Historian to lecture tonight on one of Ky. ‘famous sons’

Mackenzie Mathews

The history department is sponsoring the second annual Civil War Lecture with historian William C. “Jack” Davis’ presentation, “John C. Breckinridge, Kentuckian and American.” Davis will speak tonight at 7 p.m. in 2113 Snell Hall.

Davis, former executive director of the Virginia Center for Civil Studies at Virginia Tech, has written and edited more than 40 books on the Civil War and southern history.

Davis worked as the on-camera senior consultant for 52 episodes of A&E and the History Channel’s “Civil War Journal.” He was also the history consultant for several other productions, and his book, “The Battle of New Market,” will be made into a film next year.

WKU’s Institute for Civil War Studies plans to host a speaker every year. Robert Dietle, head of the history department, said that Davis was chosen for his distinction in historical studies and authorial connections with Kentucky.

William Davis is a very prominent historian and author on the Civil War… and he wrote, probably, the definitive biography on Breckinridge,” he said.

John Breckinridge, a Lexington native, was a two-term congressman and vice president under former President James Buchanan. Following a failed presidential campaign in 1860, he was expelled from the Senate for supporting the Confederacy.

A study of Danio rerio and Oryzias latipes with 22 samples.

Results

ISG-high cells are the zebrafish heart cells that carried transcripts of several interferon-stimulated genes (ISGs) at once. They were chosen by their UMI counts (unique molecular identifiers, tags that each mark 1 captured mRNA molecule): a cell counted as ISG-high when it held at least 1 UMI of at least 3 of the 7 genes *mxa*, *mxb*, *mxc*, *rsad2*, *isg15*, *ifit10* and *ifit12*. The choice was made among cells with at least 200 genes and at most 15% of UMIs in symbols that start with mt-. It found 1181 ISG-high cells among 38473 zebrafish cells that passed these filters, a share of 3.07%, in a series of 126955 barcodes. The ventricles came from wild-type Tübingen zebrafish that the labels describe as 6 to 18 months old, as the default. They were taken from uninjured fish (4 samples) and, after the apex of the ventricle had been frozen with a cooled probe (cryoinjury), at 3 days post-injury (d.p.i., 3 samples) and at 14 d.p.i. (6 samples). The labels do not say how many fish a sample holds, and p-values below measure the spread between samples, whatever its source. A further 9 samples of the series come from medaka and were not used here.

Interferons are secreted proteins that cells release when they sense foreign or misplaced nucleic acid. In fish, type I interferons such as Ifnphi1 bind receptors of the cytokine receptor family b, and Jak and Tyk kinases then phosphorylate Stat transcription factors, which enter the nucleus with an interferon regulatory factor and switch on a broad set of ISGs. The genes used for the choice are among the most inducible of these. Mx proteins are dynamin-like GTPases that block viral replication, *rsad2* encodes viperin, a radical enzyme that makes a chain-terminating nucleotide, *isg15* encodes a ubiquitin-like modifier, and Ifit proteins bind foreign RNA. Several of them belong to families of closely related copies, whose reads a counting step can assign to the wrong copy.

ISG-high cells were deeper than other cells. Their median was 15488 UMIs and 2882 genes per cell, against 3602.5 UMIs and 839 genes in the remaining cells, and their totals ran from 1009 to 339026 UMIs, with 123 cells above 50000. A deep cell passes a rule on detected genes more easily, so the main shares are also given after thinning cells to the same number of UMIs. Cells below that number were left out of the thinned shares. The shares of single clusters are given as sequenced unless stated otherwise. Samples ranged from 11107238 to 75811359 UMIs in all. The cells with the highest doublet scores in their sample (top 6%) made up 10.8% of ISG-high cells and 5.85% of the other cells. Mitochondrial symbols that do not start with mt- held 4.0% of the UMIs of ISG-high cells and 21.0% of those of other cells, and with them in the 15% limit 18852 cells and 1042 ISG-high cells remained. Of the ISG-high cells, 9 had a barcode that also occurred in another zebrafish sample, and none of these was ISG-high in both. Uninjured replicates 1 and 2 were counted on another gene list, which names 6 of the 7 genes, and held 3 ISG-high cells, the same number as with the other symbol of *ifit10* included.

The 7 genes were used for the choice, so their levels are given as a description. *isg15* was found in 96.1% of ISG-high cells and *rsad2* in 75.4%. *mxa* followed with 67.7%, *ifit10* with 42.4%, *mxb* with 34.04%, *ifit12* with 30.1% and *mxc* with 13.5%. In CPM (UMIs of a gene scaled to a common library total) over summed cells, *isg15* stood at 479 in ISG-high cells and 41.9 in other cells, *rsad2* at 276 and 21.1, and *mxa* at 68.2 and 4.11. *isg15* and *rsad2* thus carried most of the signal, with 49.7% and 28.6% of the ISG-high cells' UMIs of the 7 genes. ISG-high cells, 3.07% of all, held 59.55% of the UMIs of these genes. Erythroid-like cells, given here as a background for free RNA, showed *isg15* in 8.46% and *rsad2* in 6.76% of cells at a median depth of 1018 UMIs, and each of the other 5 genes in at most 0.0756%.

Davis said Breckinridge is one of Kentucky’s most famous sons and a champion for peaceful reconciliations between the North and South, so it was interesting how he was viewed as a traitor after becoming a Confederate General.

“I hope they [the audience] get an impression of the reasonable man caught in unreasonable times,” Davis said.

A native of Missouri, Davis took a special interest to the social and political implications of the Civil War.

“It’s an internally fascinating question as to what can make brothers go to war with each other,” he said.

Davis has now been a professional historian for 44 years.

“The past has a way of showing us how people behave in times of stress and crisis. The kinds of reactions in public affairs now are no different to people 150 years ago,” he said. “History can give you a perspective, or at least a little understanding, as to why we act the way we do now.”